Major league baseball suspended Chicago Cubs slugger Sammy Sosa for eight games Friday for using a corked bat.
Sosa immediately appealed the suspension, which means he'll be able to play in this weekend's series against the New York Yankees at Wrigley Field. Cubs general manager Jim Hendry said Sosa hopes to get the suspension reduced.
A piece of cork was found just above the handle in Sosa's bat Tuesday night when it shattered after he grounded out in the first inning of the Chicago Cubs' 3-2 victory. Sosa insists it was a mistake, saying he accidentally pulled out a bat he uses to put on home run displays for fans in batting practice.
Tests Wednesday appeared to support that. X-rays of 76 bats confiscated from Sosa's locker Tuesday night found no cork or illegal substances, said Sandy Alderson, executive vice president of baseball operations in the commissioner's office.
But MLB still decided to sanction the Cubs slugger.
"After an intensive investigation that included numerous interviews with club personnel and the examination of all of his bats, as well as those held by the Hall of Fame, it appears that Sosa's use of an illegal bat last Tuesday was an isolated incident," vice president of on-field operations Bob Watson said in a statement.
"Nonetheless, Sammy Sosa used an illegal bat during a league game by his own admission. As such, I considered all relevant precedent and determined eight games was the appropriate sanction."
Other players who've used corked bats have been suspended for up to 10 games. Last month, Arizona Diamondbacks pitcher Miguel Batista was suspended for ten games for beaning a hitter and being involved in a brawl.
Sosa said earlier: "Whatever they decide to do, I have to deal with it."
According to the league, Sosa violated Major League Baseball Rule 6.06 (d). It reads:
- "A batter is out for illegal action when…he uses or attempts to use a bat that, in the umpire's judgment, has been altered or tampered with in such a way to improve the distance factor or cause an unusual reaction on the baseball. This includes, bats that are filled, flat surfaced, nailed, hollowed, grooved or covered with a substance such as paraffin, wax, etc."
In his 15 major league seasons — all with the Cubs except for a brief stint with Texas his first year — Sosa has compiled a .278 average and 505 home runs.
He's had three 60-home run seasons — in 1998, 1999, and 2001 &3151; and hit 40 or more in two other years. He ranks 17th on the all-time list of home run hitters, behind Mel Ott's 511.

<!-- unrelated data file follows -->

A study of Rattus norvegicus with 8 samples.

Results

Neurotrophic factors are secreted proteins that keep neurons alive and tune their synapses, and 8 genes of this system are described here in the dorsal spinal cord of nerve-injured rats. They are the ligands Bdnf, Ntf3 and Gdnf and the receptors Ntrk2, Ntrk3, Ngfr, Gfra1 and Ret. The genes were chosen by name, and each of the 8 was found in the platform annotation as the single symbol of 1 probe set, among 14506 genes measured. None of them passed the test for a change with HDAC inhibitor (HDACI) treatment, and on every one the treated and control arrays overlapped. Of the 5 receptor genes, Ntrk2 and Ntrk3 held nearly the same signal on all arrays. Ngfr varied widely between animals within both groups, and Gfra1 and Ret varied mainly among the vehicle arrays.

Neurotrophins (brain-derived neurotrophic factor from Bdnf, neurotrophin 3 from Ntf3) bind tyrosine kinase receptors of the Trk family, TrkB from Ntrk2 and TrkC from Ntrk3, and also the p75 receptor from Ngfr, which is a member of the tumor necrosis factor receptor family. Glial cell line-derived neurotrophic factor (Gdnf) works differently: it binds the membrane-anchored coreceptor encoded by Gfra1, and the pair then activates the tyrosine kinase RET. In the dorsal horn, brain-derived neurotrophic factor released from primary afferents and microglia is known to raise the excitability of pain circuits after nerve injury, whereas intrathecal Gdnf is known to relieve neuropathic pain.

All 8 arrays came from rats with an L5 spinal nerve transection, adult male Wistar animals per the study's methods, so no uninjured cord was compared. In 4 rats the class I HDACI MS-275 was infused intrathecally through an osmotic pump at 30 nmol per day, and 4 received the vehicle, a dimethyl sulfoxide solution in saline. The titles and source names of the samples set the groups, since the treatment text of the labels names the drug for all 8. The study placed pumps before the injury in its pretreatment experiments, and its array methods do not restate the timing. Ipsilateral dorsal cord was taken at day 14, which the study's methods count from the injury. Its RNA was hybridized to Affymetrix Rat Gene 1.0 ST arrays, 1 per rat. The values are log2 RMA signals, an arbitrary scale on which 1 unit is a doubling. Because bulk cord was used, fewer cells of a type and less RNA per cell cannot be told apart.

Sosa has been baseball's quintessential good guy the last five seasons, a lovable slugger with an infectious smile and a feel-good story. While Mark McGwire and Barry Bonds got the home run records, Sosa got most of the adulation.
"To get caught and it's Sammy - that's a big deal. That's a huge deal," Cincinnati Reds pitcher Danny Graves said. "That's like saying Roger Clemens is scuffing the ball. It just totally breaks your heart, you know what I mean? I'm not saying Roger Clemens scuffs the ball. I'm just using his name because he's the best pitcher in baseball."
But Sosa swears he's never used anything illegal. Dozens of his bats have broken over the years without anything suspicious being found.
And if he was trying to cheat, he said, why wouldn't he have tried to grab the bat before anyone saw it?
"I would have come back to the plate and picked up all the pieces, don't you think?" he said. "I didn't pick it up. I went to the dugout. So you guys can see the difference."
But how did this happen in the first place?
Sosa uses bats made by three different manufacturers. While each brand is visibly different, Alderson said all bats made by the same maker look similar. The bat Sosa used Tuesday night was made by Tuffbat.
Atlanta's Chipper Jones said it's easy to see how Sosa could have grabbed the wrong bat.
"I've got five boxes of bats in there," Jones said. "Bat doesn't feel good, you throw it in this box. Bat feels good, OK, that's going to be a gamer. You go 10 at-bats without getting a hit, you throw it in a box, get a new one. You're always interchanging."
After what happened this week, baseball probably needs to address that, Alderson said.
"If this was a batting practice bat, the possibility of confusing that bat would suggest that we probably ought to be awfully careful about having any of those bats around," he said. "It's not something we've looked at, but we will."
Sosa was greeted with rousing cheers when he did his traditional sprint to right field Wednesday night, and fans gave him a standing ovation when he came to the plate in the first inning.
One fan held up a sign that read, "Still loving Sammy."
"They know that I am an innocent person," Sosa said. "When I went to right field, everybody was cheering for me. I feel very happy inside. It's something I'm never going to forget."